Capt Humayun Khan - a US soldier who died fending off a suicide bomber in 2004 - has become an unlikely player in the 2016 election.
But who was the Army officer whose parents are now locked in public battle with Republican presidential candidate Donald Trump?
Khan was born in 1976 and his Pakistani family immigrated to the US two years later.
They settled in Silver Spring, Maryland, where Humayun grew up with two brothers.
His father has described him as a patriotic child with a fascination for Thomas Jefferson, one of America's founders.
While in secondary school, Humayun volunteered to give swimming lessons to disabled children.
After joining the University of Virginia, he signed up for the Reserve Officers' Training Corps, which prepares university students to become officers in the US military.
His father, who is a lawyer, was opposed to the move. But the younger Khan persisted.
"He wanted to give back. That's what he wanted to do," his father told the Washington Post.
After graduating from university in 2000, he served in the Army for four years and rose to the rank of captain.
Muslims in the America Military
- Bampett Muhammad, who served under George Washington between 1775 and 1783, is one of the earliest recorded Muslims in the US army
- A number of Muslims served in the Union army during the American Civil War, including Nicholas Said, who later became an activist
- Over 15,000 Arab Americans served the US during World War II
- More than 3,500 Muslims served in Afghanistan and Iraq
Before terrorists attacked New York and Washington in 2001, he had planned to leave the Army to attend law school.
But 9/11 changed his plans, and in 2004 he travelled to Iraq to support the post-war effort there.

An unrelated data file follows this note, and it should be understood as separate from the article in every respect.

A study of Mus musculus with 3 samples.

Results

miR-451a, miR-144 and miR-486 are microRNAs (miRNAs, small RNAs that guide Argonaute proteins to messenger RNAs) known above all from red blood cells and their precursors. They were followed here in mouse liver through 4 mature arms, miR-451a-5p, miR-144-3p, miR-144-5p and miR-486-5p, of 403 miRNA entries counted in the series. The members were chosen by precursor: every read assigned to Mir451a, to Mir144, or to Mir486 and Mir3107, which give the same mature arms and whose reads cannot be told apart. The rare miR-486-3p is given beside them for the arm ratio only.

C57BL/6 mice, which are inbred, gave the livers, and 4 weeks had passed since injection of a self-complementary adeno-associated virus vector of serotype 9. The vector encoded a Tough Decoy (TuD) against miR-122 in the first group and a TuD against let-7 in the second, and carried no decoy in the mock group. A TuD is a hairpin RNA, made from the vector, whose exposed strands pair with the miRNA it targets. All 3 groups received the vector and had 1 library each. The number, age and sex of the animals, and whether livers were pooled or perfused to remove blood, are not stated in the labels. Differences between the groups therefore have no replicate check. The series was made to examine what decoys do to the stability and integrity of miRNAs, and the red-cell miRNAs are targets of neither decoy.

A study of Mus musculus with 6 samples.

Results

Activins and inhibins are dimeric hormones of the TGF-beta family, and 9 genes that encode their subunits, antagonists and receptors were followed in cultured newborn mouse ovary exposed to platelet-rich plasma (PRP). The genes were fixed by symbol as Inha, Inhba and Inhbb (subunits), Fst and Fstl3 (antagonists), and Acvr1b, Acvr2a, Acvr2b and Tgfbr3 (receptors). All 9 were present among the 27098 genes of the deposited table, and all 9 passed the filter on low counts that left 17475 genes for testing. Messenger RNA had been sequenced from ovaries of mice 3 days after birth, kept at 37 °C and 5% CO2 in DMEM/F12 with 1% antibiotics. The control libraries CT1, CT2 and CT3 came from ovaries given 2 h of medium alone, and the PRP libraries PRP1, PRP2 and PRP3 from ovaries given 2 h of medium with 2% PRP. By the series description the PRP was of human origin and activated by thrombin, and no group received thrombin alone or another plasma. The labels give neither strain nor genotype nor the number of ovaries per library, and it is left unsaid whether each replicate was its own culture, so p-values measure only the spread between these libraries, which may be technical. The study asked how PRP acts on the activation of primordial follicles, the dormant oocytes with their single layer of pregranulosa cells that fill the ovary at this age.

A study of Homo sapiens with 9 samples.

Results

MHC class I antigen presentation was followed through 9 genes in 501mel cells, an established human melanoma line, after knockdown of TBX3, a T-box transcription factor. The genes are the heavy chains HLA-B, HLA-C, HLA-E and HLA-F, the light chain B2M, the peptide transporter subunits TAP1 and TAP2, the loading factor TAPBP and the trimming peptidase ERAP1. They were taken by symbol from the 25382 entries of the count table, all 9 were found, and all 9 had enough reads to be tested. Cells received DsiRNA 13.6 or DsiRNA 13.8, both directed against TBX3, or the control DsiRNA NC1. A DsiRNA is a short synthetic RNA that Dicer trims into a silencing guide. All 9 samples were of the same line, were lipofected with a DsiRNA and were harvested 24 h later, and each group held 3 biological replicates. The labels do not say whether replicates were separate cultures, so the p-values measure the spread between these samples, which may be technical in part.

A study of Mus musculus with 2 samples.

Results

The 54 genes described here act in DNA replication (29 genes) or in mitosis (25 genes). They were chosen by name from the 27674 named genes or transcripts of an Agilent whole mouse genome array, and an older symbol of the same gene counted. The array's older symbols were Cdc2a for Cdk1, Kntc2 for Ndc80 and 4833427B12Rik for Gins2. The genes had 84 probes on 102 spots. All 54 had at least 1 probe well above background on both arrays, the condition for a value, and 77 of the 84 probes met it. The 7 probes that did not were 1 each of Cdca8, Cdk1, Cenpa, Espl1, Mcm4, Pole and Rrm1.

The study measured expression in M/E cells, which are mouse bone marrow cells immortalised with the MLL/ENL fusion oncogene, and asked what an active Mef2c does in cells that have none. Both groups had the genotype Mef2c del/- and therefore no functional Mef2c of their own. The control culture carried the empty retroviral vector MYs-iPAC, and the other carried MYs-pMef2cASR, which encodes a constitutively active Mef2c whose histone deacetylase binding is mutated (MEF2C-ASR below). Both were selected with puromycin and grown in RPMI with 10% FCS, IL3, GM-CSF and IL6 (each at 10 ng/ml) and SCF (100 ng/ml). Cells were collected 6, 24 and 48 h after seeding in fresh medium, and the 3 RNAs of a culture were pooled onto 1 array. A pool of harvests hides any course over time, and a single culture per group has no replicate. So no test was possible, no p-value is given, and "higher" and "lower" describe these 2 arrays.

During a phone call in May of 2004, his mother urged him not to be a hero and to return safely.
"Of course I will," his parents remembered him saying. "But Mother, you should know I have responsibility for these soldiers, and I cannot leave them unprotected."
A month later, Khan, 27, was dead.
While serving at Baqubah base, north-east of Baghdad, one of his duties was to inspect soldiers in the early morning near the compound's entrance gate.
On 8 June 2004, an inspection turned deadly when a taxi sped towards Khan's line of troops.
Acting quickly, he told his soldiers to step back and hit the ground as he moved towards the approaching car. He walked with his arm outstretched in a halt gesture for 10 to 15 seconds.
Just before reaching him, the driver detonated a suicide bomb.
The explosion killed Khan. But in blocking the vehicle, he succeeded in saving countless colleagues, including more than a hundred soldiers eating breakfast close to the gateway to the base.
Khan was posthumously awarded the Purple Heart and the Bronze Star - two US military honours.
He was buried in Arlington Cemetery, near Washington, in a funeral attended by Democratic presidential nominee Hillary Clinton.